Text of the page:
The US president denied suggestions that his administration was ‘folding’ in negotiations with Beijing, saying, ‘We have not seen China’s demands yet’
US President Donald Trump said in tweets on Wednesday that “nothing has happened” with China’s ZTE Corp and that Beijing has “much to give” Washington on trade, denying suggestions that his administration was “folding” in negotiations with Beijing.
Trump on Monday had defended his decision to revisit penalties on ZTE for flouting US sanctions on trade with Iran, in part by saying it was reflective of the larger trade deal the United States is negotiating with China.
“Nothing has happened with ZTE except as it pertains to the larger trade deal,” Trump said on Twitter. “We have not seen China’s demands yet, which should be few in that previous U. S. Administrations have done so poorly in negotiating. The U. S. has very little to give, because it has given so much over the years. China has much to give!”
The Trump administration has yet to reveal any details of trade talks expected this week between a delegation led by Chinese Vice-Premier Liu He, the top economic adviser to President Xi Jinping, and senior Trump administration officials.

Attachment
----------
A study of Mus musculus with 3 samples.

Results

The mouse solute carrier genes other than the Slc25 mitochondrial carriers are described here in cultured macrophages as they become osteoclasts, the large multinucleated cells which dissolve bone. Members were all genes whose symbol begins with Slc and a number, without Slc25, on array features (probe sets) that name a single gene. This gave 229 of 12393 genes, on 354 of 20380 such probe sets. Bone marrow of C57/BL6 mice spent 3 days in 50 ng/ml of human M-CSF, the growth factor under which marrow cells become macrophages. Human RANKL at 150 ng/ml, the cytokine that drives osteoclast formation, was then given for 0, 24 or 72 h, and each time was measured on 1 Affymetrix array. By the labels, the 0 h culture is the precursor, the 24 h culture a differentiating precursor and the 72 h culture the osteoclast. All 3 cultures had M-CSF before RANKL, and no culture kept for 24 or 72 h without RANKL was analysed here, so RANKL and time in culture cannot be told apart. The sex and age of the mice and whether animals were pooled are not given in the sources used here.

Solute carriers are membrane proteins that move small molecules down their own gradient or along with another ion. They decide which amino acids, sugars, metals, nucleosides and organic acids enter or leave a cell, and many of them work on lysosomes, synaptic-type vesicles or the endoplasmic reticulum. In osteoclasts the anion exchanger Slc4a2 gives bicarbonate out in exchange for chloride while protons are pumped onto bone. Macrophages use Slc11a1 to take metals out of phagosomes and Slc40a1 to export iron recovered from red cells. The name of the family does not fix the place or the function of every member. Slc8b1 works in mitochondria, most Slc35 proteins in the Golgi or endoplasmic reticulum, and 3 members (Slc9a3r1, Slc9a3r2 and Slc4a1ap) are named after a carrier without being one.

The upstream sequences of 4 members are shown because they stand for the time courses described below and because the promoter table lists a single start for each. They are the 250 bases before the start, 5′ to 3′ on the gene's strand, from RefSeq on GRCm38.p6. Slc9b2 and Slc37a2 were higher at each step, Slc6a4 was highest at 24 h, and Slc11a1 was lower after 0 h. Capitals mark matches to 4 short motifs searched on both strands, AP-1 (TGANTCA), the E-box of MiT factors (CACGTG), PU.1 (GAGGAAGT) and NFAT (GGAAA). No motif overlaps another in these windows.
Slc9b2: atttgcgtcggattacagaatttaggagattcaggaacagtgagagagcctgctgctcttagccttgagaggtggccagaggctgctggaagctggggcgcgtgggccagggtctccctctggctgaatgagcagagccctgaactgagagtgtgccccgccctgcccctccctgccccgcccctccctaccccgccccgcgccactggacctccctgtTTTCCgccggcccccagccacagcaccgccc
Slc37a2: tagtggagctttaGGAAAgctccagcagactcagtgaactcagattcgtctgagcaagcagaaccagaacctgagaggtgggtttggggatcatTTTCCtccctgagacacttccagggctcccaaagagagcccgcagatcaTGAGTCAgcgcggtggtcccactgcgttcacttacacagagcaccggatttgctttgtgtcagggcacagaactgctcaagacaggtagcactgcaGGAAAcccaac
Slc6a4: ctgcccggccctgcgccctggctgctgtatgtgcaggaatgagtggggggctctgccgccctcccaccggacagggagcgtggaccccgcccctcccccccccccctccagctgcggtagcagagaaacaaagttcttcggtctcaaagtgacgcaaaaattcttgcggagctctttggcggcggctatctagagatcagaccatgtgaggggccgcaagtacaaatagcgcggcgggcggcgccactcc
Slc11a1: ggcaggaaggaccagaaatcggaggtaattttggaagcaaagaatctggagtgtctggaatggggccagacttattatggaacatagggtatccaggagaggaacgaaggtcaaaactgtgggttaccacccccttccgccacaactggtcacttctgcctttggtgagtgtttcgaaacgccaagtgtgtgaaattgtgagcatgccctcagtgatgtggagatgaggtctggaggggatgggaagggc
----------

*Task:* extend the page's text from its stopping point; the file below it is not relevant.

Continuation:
Liu was on Capitol Hill on Wednesday afternoon for meetings with members of the trade-focused House Ways and Means Committee as well as with Senator Orrin Hatch, Republican of Utah and chairman of the Senate Finance Committee, congressional aides said.
US lawmakers on Tuesday rejected any plan by Trump to ease restrictions on ZTE, calling the telecommunications firm a security threat and vowing not to abandon a US Commerce Department ruling that bans sales of American components and software to the company for violating terms of a sanctions settlement deal.
The ban has caused ZTE to cease operations, and Trump on Sunday tweeted that he had instructed the Commerce Department to take steps that would restore ZTE’s ability to operate.
A group of 33 Democratic senators signed a letter urging Trump to instead focus on strategies to change China’s trade practices, such as eliminating market-distorting subsidies and forced technology transfers.
“Offering to trade American sanctions enforcement to promote jobs in China is plainly a bad deal for American workers and for the security of all Americans,” wrote the senators, led by the Senate Democratic leader, Chuck Schumer. “America’s policies toward China should put American workers, farmers and businesses first, not China’s.”
Trump tweeted on Wednesday: “There has been no folding as the media would love people to believe, the meetings haven’t even started yet!”